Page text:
Van Valkenburg said his office received a letter from the DOJ threatening a lawsuit
MISSOULA — Missoula County's attorney wants to challenge the U.S. Justice Department's authority to investigate the way his office handles sexual assault cases.

In May 2012, the Justice Department announced an investigation into the way reported sexual assaults were handled by University of Montana campus police, Missoula police and the county attorney's office. Campus police and the city Police Department cooperated with the investigation and reached settlements that required increased training and some policy changes.

However, Fred Van Valkenburg has refused to cooperate with the inquiry, questioning the agency's authority to investigate the county attorney's office.

Earlier this week, Van Valkenburg said his office received a letter from the DOJ threatening a lawsuit. He said the DOJ's correspondence was listed as "confidential and private" and intended for "negotiating purposes only."

The county has set aside $50,000 in anticipation of a court battle or settlement with the agency.

On Thursday, Van Valkenburg told commissioners the county would be better off using the money to pursue a ruling on whether the agency has the authority to investigate his office.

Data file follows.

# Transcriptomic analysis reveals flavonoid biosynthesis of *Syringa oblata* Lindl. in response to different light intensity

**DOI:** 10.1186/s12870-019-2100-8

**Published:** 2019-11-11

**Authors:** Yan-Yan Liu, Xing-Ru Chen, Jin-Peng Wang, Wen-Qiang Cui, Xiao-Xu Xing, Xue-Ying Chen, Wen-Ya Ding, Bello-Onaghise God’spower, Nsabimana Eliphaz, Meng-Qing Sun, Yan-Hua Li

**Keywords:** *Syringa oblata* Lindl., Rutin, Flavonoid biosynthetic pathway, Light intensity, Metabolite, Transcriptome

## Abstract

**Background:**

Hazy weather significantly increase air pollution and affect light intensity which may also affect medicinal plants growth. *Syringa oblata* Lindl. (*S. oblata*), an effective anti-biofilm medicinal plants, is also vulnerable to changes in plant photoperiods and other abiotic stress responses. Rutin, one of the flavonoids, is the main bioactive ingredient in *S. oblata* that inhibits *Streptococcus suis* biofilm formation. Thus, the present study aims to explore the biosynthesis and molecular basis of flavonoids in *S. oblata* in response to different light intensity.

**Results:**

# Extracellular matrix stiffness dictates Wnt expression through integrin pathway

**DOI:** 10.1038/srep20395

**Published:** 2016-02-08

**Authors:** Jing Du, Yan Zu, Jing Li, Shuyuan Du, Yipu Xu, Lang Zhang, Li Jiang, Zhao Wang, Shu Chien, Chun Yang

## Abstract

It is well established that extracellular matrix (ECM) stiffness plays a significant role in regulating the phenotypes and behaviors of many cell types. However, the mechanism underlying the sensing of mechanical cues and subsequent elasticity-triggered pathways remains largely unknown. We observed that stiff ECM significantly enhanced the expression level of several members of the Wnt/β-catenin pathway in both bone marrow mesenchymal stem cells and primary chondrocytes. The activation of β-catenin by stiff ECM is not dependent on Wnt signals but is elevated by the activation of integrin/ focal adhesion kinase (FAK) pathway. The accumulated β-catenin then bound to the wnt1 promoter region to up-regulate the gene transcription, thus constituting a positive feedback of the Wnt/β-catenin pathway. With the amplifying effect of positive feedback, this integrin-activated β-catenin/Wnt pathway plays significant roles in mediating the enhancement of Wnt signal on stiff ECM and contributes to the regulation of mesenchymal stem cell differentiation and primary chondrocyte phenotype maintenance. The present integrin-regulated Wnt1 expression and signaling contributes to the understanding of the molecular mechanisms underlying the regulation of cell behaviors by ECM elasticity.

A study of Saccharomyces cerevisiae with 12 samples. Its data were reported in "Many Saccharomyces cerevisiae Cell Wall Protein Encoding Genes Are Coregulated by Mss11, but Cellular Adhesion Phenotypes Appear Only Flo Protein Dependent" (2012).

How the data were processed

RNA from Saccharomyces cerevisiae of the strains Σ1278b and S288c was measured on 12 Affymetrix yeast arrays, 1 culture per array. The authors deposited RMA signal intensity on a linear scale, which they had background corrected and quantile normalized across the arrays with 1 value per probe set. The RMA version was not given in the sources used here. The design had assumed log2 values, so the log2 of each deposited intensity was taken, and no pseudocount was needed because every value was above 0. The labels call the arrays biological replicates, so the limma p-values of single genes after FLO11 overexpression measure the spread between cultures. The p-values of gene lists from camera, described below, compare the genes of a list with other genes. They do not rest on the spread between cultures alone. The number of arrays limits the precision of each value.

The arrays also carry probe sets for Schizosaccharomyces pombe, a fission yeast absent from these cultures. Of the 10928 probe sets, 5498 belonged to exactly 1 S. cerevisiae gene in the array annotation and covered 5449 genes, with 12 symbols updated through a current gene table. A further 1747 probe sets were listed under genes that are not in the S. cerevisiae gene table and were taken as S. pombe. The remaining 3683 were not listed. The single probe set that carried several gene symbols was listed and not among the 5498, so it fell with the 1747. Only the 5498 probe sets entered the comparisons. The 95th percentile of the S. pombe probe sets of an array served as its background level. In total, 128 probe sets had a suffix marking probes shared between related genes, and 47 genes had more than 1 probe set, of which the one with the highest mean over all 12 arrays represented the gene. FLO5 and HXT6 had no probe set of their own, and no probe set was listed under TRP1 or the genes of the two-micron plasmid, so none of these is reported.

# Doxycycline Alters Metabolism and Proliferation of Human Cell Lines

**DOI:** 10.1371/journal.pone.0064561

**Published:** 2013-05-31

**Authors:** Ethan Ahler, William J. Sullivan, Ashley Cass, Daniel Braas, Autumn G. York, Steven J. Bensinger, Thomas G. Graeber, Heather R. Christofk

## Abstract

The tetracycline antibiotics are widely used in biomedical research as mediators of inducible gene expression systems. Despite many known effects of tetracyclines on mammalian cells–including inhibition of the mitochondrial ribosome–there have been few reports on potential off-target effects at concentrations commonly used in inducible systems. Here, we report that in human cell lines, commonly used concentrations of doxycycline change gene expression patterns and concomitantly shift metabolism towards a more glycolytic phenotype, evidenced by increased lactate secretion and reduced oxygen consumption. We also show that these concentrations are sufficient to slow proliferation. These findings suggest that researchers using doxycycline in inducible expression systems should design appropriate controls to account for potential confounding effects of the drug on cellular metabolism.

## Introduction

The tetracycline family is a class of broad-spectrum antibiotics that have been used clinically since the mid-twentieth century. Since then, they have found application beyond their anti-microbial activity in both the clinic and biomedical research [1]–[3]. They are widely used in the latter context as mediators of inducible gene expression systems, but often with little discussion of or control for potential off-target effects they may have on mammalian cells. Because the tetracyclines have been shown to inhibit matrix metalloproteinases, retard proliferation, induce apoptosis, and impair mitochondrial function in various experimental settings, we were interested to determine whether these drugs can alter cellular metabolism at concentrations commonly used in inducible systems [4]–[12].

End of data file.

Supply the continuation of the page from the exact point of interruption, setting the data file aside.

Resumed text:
The DOJ has said its authority comes from the Violent Crime Control and Law Enforcement Act, which gives the federal government the authority to sue local governments over the conduct of their law enforcement officers. Van Valkenburg argues prosecutors aren't law enforcement officers. He said the county should ask a federal judge to decide the issue.

Commission chair Jean Curtiss said Van Valkenburg and Marnie McClain, chief civil deputy county attorney, "made a good case" for taking the case to court.

"For whatever reason we have been kind of picked on by the DOJ and I honestly think we have a greater responsibility to the country as a whole, to prosecutors in every county in America, to stand up and say this is wrong, you can't do this," Van Valkenburg said.